Plug-Load Energy Vampires


The average American household wastes more than $100 a year powering devices that are in stand-by mode. Nationwide, stand-by power accounts for more than 100 billion kilowatt-hours of annual electricity consumption and more than $10 billion in annual energy costs. 


The energy consumed by an electronic device when it is plugged into a socket is called the plug load.  If a device is plugged in, it is still using energy even if it's in standby mode. Sometimes this energy is necessary to power remote controls, clock displays, or others devices. Other times, it's just wasted energy!


This energy that is used by a device while it's in standby mode is commonly referred to as vampire load


What are the biggest energy vampires? 


Anything that is plugged into the wall while it's not being used is an energy vampire. The biggest culprits are typically televisions, computer chargers, cell phone chargers, video game consoles, cable boxes, and DVD players.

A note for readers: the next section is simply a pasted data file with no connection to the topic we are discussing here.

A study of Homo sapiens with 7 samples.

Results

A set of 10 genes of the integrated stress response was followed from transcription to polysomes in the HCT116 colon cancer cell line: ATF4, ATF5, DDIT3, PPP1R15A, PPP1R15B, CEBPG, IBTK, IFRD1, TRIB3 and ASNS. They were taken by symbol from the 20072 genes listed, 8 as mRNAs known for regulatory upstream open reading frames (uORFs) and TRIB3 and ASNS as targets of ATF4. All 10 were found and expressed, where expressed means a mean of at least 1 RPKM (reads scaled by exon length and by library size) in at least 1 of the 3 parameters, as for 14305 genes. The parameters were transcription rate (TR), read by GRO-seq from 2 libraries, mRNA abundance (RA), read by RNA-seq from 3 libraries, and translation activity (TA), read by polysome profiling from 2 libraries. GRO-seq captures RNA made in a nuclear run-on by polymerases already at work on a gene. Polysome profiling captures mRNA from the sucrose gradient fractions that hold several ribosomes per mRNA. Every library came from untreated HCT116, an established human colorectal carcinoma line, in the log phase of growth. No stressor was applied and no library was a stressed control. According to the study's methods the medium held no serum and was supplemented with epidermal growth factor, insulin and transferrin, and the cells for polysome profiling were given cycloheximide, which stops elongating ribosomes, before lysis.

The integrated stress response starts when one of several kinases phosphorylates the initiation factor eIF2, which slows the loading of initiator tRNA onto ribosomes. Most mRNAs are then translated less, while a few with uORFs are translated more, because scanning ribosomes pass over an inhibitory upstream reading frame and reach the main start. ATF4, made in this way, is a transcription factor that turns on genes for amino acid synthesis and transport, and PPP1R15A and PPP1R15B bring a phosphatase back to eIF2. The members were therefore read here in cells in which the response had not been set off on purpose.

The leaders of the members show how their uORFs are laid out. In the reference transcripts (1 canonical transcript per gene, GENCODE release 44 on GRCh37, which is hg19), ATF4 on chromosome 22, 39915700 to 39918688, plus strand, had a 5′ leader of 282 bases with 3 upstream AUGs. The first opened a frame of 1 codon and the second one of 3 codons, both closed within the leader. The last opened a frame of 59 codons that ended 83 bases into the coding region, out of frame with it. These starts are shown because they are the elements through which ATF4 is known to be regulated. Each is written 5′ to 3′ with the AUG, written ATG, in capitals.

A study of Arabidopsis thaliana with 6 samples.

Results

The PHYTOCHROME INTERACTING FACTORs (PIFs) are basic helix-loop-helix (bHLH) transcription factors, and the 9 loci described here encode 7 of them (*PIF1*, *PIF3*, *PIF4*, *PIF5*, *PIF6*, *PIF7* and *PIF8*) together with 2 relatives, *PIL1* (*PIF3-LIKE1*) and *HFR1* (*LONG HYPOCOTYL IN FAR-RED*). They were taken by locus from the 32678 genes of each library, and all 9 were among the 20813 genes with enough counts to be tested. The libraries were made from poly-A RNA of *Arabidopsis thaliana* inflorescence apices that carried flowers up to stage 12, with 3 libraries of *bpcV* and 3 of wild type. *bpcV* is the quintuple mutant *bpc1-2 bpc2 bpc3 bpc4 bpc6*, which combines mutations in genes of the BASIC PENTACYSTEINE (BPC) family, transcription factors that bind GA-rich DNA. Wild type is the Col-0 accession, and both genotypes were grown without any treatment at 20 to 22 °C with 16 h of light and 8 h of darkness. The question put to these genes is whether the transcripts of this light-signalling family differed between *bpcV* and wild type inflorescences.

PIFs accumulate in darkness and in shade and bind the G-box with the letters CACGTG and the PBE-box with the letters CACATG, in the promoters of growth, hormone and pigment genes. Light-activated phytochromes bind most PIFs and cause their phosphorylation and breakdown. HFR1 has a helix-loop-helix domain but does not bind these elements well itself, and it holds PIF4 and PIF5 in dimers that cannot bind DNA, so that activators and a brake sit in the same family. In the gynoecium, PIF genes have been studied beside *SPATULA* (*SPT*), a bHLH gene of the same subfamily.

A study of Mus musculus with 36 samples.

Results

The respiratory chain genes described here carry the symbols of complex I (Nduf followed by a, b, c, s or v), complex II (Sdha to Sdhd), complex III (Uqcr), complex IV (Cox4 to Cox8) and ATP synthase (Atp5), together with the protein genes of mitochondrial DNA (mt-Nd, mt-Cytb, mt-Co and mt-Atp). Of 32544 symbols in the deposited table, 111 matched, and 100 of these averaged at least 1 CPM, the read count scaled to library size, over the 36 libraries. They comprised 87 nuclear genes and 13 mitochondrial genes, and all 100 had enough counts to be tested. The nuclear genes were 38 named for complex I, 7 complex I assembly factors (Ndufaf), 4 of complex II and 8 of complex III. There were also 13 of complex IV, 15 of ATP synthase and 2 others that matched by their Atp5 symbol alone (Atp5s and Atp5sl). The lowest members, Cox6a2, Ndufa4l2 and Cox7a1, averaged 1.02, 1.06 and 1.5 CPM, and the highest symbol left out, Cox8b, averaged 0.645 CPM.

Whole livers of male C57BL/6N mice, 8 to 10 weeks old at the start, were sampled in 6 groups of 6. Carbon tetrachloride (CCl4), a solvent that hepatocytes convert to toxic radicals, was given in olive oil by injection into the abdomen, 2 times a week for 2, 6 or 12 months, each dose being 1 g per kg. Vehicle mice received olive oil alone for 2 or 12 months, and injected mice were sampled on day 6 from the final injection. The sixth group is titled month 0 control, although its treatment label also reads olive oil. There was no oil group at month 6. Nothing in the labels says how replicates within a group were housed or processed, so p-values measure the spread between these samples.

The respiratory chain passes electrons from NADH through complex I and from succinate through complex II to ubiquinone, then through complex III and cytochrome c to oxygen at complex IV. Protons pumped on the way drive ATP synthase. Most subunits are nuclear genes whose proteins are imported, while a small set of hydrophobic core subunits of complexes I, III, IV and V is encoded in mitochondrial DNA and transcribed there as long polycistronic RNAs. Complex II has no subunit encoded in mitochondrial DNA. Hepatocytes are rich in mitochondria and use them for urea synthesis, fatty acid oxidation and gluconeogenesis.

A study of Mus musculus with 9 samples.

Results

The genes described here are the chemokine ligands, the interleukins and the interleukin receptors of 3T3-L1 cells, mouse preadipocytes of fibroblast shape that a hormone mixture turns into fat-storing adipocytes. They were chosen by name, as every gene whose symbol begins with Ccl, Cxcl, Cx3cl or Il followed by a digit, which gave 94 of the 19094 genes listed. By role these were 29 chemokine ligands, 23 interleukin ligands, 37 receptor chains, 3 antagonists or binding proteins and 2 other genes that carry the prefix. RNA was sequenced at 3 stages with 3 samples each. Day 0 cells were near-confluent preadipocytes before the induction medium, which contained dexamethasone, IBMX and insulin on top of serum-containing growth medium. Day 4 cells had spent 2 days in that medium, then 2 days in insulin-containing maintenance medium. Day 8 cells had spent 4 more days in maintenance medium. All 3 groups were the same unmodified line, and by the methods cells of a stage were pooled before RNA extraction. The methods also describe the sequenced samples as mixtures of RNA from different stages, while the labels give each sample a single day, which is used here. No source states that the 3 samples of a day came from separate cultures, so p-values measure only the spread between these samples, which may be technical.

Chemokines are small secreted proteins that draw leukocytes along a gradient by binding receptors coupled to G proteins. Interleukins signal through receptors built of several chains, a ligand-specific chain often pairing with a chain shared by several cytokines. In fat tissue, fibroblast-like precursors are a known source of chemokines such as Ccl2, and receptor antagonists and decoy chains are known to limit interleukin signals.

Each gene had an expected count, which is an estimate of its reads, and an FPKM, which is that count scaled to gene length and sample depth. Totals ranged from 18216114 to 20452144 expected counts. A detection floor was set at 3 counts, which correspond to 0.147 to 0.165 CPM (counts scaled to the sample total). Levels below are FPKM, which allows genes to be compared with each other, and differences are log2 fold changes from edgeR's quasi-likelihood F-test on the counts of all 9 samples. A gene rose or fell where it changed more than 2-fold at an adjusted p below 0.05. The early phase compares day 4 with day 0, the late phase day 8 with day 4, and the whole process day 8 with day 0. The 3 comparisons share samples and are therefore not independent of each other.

What can you do about it? 

Install a powerstrip.

Powerstrips are easy-to-use and acts as a central way to turn off all your devices at once. Use them in a kitchen for small appliances, in your home office for computer equipment, and in your living room or for your television, DVD player, and game console. There are different kinds of power strips, including those with timers, occupancy sensors, and surge protection. Our EASY Program Homeowner Presentation has a detailed explanation of different types of smart powerstrips. 


Funded by the Local Government Strategic Plan Strategies Program

under the auspices of the California Public Utilities Commission.